So it was a year that held two brushes with the hereafter: A staph infection, then a car crash.
So much for attempting to live a quiet life then.
One of my favorite books read this year was Jawbreaker, in which retired CIA officer Gary Bernsten recounts directing the war against al-Qaida on the ground in late 2001.
At one point, he writes about a conversation with an associate on how people chose to be either economic men or adventure men. I've certainly lived most of my adult life as the latter, but have been trying to make the switch to the former these last two years. I've done well at it, landing a secure, decent paying job, getting my finances in order, and still managing to move to and travel across the Pacific Northwest.
But the job part of being an economic man sucks. The new job in Portland with its six-day workweeks and mandatory overtime has certainly been a disappointment. It's certainly nowhere near as much fun as the job in Reno was.
So, do I go back to the Army? Do I take my chances on leaving a secure, adequate job during the opening of what is sure to be a severe economic crisis to go back to school full time? Alternatively, do I combine full-time work and part-time school?
I'm definitely moving downtown next summer when the lease is up. Settling out here in Beaverton was a mistake. Yeah it's convenient to live next door to work, but I did not move to this region for an easy commute.
I came here to live at a heightened, sustainable degree of intensity.
Economic sustainability is what prompted me to make the jump to economic man in the first place. And I can't honestly say that it's a bad thing. I've certainly dared a lot during my time, taken my share of risks, and enjoyed some heady triumphs, but I've smacked into the ground hard a few times too. This last time, getting divorced, was the worst, both emotionally and in terms of forgone opportunities. If I keep this up, sooner or later, I will end up being permanently bitter and/or destitute.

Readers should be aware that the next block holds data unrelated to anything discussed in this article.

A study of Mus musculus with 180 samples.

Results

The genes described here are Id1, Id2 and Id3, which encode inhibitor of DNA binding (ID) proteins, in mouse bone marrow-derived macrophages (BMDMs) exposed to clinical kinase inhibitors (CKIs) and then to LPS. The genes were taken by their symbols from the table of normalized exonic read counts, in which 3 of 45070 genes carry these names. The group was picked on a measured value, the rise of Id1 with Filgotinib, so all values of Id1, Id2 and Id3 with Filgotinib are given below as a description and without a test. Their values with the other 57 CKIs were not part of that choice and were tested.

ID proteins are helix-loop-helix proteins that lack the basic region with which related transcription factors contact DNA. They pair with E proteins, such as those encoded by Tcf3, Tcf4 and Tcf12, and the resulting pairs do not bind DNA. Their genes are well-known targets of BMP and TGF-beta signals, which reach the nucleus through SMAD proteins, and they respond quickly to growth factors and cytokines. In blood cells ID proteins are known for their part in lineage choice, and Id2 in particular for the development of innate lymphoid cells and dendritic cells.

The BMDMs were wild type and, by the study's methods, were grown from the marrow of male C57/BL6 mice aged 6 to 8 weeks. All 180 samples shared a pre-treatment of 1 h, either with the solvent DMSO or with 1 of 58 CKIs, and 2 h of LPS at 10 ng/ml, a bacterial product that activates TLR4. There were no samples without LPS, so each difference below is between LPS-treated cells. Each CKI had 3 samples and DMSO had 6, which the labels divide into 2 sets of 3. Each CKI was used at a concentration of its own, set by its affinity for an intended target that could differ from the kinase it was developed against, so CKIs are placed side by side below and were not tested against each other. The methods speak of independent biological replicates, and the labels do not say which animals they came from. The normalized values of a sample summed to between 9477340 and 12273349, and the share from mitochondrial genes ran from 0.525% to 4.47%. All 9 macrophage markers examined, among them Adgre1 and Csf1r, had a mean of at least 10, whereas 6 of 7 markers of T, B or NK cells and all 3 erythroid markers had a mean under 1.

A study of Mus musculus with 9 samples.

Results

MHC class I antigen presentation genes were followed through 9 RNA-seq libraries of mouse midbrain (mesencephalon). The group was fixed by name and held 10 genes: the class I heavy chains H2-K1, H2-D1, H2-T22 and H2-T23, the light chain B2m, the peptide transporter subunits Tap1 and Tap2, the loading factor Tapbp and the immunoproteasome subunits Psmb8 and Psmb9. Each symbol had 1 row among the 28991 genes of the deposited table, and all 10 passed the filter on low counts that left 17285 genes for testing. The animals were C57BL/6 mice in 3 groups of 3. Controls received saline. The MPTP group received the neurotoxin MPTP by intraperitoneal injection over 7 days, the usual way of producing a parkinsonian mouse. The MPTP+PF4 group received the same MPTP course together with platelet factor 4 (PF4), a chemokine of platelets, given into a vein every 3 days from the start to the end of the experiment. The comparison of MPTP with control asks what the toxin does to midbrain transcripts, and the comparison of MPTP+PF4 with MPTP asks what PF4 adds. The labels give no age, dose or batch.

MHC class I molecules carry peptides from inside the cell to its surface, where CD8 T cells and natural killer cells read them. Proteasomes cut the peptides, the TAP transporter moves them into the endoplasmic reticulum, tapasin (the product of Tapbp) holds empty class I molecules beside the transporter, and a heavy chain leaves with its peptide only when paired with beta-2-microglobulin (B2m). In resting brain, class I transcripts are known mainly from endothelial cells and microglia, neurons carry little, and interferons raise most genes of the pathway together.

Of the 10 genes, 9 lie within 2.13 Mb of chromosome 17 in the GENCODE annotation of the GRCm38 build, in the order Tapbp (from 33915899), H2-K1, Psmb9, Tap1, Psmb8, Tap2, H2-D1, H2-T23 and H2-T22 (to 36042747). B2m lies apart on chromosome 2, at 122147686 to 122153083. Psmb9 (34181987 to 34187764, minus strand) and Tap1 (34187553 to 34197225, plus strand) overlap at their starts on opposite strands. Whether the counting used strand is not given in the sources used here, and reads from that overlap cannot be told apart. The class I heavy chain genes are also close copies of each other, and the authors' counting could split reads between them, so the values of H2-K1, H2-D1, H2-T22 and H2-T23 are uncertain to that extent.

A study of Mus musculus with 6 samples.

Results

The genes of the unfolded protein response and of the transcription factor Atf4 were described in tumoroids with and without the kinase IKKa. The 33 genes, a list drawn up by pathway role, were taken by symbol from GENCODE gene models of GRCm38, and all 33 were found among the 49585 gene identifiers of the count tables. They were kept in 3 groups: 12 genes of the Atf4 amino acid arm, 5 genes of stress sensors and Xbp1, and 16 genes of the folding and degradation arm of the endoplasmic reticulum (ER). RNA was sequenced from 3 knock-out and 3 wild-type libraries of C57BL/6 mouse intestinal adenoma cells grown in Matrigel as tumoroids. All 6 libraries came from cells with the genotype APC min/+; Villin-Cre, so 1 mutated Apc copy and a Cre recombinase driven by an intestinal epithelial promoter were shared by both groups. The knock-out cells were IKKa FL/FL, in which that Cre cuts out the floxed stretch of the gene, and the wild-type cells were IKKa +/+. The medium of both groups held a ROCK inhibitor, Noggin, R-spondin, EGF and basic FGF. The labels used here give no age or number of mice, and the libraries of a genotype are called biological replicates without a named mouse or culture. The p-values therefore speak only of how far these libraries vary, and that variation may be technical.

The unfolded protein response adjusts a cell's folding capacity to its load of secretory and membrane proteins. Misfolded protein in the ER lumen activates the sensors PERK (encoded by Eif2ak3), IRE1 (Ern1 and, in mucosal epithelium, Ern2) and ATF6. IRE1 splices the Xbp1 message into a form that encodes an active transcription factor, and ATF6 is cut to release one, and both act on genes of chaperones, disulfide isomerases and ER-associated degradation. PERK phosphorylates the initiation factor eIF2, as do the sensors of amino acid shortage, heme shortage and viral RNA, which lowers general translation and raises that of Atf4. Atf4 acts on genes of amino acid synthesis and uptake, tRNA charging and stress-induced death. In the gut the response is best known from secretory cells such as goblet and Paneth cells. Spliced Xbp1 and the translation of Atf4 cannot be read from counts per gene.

Of course, it's not necessarily an either-or choice. There is a spectrum of opportunity. Right now I am going with a full spread of applications to other employers and schools and see what comes through.
As terrible 2008 as was for so many, it was a rather good to me. I'm established, I have economic security, and above all, I'm finally living in the Pacific Northwest!
When I was moving here, driving through the steep hill country south of Eugene on a misty day of gray and green, a thought occurred to me: "You belong to this."
That realization has struck me many times since then, while traveling the countryside or walking downtown. I am now a part and parcel of this place. I am very much where I belong on this earth; everything else is a matter of working out details.